Beware: Hard-hitting questions ahead….
Have you ever thought about suicide?
Not about actually doing it (though perhaps you have?), but thought about it in terms of when someone else tells you they are feeling like ending it all?
What do you feel about someone taking that action for him/herself?
How might you even start to assess the risk factors for that person?
And what if the client in front of you tells you that it’s the end for them?
What buttons does that press for you personally?
Many years ago I worked with Samaritans and we often commented that those who talk about it, rarely actually do it. It’s the ones who don’t talk about it, who go through with it.
Now I realise this is difficult territory, and particularly if you have been to that point yourself.
But if the thought of working with these elements feels too risky for you, then it will undoubtedly feel too risky for your client to talk to you about as well.
Take a moment to reflect on how you feel. What do you believe for yourself about suicide? How might you manage those feelings and your responses to your client? How you will work with the rest of the session? And how you will work through what is next in your client’s process?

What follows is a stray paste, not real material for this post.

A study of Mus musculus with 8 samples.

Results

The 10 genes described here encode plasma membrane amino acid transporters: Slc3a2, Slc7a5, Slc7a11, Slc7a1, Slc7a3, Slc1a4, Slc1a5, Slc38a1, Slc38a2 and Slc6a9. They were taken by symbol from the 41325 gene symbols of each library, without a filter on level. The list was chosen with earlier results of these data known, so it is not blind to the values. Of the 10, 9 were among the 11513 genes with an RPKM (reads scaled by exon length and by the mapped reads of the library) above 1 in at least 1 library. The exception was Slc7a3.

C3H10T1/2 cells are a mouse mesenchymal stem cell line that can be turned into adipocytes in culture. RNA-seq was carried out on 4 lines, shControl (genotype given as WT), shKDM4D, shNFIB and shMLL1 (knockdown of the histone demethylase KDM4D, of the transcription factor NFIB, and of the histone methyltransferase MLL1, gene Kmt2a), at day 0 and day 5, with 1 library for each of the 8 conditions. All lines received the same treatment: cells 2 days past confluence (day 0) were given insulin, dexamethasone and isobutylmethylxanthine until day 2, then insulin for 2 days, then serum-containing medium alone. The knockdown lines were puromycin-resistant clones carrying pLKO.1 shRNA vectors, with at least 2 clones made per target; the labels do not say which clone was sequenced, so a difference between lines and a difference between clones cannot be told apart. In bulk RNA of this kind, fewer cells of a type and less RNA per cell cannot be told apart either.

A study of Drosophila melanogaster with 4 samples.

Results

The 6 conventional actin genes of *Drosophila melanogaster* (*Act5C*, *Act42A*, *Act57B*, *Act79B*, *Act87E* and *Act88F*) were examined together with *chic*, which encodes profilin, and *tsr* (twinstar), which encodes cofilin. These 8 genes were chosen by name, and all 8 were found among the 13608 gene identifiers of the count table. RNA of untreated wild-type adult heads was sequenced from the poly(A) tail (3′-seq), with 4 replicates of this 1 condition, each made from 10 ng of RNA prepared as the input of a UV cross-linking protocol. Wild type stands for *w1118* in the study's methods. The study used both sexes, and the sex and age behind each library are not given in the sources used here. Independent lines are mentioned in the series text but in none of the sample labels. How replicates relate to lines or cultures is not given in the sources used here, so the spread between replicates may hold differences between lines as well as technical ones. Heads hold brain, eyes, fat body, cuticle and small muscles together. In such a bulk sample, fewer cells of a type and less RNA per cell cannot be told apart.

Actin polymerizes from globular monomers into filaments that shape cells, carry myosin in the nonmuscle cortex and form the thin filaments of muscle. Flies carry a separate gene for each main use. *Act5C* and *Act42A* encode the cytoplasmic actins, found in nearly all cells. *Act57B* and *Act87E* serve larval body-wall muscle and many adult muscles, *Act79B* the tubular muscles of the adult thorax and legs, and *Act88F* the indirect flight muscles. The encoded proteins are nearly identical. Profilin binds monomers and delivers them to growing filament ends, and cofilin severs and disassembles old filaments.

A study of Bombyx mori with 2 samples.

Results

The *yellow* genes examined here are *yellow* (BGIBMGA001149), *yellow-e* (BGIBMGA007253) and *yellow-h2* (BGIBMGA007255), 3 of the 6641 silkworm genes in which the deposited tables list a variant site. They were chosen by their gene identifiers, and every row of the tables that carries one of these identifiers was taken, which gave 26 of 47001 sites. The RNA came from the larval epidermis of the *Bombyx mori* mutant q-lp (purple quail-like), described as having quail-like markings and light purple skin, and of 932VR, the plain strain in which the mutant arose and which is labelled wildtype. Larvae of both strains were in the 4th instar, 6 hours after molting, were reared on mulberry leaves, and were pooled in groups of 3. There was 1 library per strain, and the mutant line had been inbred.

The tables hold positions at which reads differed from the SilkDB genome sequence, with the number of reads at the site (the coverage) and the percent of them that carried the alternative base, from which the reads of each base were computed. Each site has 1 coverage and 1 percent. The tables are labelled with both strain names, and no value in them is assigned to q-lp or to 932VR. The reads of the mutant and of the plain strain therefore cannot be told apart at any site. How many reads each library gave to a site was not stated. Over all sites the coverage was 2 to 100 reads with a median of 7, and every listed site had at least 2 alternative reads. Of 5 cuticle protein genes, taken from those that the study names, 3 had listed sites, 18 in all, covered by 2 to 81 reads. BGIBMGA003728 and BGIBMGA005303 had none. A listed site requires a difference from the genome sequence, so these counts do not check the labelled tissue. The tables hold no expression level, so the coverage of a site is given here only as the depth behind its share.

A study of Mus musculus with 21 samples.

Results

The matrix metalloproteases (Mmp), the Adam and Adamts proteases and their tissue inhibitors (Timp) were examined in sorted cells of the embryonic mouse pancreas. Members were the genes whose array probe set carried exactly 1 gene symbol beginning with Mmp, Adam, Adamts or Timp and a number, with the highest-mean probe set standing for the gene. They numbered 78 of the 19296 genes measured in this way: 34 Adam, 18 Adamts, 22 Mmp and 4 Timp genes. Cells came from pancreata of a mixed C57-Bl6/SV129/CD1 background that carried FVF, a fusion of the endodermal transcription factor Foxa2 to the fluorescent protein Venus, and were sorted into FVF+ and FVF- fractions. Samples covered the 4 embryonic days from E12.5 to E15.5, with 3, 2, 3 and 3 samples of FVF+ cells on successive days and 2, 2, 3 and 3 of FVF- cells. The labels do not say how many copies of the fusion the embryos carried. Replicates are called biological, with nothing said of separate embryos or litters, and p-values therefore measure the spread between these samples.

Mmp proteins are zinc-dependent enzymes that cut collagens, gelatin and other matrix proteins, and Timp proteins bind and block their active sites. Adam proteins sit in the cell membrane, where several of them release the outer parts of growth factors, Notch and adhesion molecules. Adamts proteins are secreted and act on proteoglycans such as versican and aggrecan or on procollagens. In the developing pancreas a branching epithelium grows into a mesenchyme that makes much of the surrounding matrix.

It’s BIG stuff. But so is life. And death. And this is the stuff of therapy rooms.
Before Christmas I was reading an online article entitled “Breaking the Stigma” which focussed on enabling people to talk much more about suicidal thoughts and actions.
What would it feel like for you, to specifically ask your client if they feel suicidal?
I haven’t ever considered taking my own life. But I have worked with those who have, both in thought and action.
It’s part of life.
So how are you feeling right now, reading and thinking about this process?
What about the S word….?
For you? For your client? For your clinical work?
What do you need for yourself right now? How will you meet that need for yourself?